Hillary Clinton responds to criticism over the speaking fees she has received from corporate America, and Wall Street in particular, by challenging critics to cite one vote in which, as a Senator, she bowed to these interests. When she used this response last night, Bernie Sanders failed to cite any such vote.
But Elizabeth Warren has cited one. America Rising calls attention to the following exchange between Warren and Bill Moyers in 2004, which pertains to a bankruptcy bill favored by Wall Street that she opposed as First Lady but voted for as Senator:
WARREN: One of the first bills that came up after she was Senator Clinton, was the bankruptcy bill. This is a bill that’s like a vampire, it will not die right, there’s a lot of money behind it.
MOYERS: Bill her husband had vetoed [it].
WARREN: Her husband had vetoed it very much at her urging.
WARREN: She voted in favor of it.
WARREN: As Senator Clinton, the pressures are very different. It’s a well-financed industry. You know a lot of people don’t realize that the industry that gave the most money to Washington over the past few years was not the oil industry, was not pharmaceuticals, it was consumer credit products. Those are the people, the credit card companies have been giving money and they have influence.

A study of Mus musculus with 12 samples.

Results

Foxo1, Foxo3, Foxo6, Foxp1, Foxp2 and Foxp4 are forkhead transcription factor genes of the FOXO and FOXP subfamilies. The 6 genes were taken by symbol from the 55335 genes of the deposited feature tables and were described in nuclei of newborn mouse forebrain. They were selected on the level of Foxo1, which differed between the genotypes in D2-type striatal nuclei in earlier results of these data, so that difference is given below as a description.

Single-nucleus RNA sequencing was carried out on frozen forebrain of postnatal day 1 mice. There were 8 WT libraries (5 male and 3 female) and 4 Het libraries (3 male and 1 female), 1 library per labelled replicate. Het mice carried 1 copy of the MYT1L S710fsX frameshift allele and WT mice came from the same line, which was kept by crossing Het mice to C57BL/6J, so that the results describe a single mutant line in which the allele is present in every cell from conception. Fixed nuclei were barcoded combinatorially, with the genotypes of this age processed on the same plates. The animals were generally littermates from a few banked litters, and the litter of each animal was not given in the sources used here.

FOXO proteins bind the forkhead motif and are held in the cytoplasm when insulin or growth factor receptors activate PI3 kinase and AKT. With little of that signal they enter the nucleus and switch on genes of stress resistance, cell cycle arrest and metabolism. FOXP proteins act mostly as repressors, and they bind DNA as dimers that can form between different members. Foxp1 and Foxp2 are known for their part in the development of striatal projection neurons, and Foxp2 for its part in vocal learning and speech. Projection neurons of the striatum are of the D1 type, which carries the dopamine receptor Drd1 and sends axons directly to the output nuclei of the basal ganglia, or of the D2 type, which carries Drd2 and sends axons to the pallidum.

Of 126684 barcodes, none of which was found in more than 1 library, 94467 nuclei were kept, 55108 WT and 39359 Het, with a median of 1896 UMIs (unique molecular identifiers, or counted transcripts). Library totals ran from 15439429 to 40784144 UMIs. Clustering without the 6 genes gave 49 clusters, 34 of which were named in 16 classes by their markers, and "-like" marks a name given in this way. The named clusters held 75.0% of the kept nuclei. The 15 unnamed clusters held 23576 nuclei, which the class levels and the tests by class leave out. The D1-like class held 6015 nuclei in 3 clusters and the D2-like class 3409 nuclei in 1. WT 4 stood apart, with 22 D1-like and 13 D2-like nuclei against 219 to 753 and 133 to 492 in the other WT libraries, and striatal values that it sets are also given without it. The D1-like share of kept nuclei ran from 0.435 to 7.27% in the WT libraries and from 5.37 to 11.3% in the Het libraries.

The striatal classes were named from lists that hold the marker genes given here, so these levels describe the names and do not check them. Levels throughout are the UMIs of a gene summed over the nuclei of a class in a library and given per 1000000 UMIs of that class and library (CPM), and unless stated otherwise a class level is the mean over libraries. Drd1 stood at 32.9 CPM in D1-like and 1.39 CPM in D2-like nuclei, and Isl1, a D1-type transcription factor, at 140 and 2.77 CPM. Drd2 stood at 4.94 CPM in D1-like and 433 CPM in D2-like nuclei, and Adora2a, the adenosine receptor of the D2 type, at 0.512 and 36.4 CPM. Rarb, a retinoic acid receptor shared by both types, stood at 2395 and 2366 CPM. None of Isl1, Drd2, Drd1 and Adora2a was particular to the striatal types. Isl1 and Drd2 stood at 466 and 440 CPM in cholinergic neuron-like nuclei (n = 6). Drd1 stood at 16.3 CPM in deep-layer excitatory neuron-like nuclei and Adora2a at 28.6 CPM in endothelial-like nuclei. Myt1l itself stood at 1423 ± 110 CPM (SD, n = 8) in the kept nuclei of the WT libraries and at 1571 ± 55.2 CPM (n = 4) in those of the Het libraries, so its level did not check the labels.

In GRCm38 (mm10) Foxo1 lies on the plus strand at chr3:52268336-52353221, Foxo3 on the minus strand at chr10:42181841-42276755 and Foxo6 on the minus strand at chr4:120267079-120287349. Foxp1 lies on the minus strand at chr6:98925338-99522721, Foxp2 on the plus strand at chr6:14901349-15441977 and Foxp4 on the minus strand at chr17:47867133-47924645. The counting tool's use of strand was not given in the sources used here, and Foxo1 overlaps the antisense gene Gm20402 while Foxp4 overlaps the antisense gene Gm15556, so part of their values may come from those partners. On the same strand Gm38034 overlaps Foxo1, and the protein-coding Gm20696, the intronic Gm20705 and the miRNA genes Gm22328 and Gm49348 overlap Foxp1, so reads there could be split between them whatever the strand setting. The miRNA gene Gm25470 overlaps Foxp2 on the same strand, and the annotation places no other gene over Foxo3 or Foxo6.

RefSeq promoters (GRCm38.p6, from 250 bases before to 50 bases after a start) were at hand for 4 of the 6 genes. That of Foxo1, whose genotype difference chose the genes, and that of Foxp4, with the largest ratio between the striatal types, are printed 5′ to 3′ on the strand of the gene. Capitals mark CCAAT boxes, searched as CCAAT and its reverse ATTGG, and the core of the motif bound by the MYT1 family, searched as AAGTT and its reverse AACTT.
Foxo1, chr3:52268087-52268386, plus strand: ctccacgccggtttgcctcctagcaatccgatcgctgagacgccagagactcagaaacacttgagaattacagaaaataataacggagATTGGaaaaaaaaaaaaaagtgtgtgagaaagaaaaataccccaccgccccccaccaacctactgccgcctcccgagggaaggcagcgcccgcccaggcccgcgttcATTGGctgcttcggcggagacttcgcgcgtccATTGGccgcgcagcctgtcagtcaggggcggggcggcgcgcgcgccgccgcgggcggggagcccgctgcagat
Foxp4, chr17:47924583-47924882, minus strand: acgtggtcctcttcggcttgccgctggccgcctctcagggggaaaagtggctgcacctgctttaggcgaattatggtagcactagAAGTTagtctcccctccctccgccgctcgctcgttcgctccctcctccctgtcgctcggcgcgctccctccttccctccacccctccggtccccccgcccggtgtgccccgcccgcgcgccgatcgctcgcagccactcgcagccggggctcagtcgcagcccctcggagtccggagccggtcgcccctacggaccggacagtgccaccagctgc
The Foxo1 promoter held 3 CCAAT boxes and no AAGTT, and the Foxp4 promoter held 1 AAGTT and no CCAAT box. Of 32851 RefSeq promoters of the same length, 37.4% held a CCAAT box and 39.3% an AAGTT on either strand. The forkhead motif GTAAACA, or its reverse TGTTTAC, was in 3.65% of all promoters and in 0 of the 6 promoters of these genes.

MOYERS: And Mrs. Clinton was one of them as senator.
WARREN: She has taken money from the groups and more to the point, she worries about them as a constituency.
It’s almost always difficult to tie a particular vote to campaign contributions or constituent pressure. After, we can’t inside a politician’s head.
But in this case, the connection seems pretty direct. Clinton opposed a bill that favored the consumer credit products industry just before she became a Senator, but voted for such legislation s a short time later, after accepting money from these interests.
If Elizabeth Warren, the leading opponent of the legislation, sees a connection, who am I to disagree?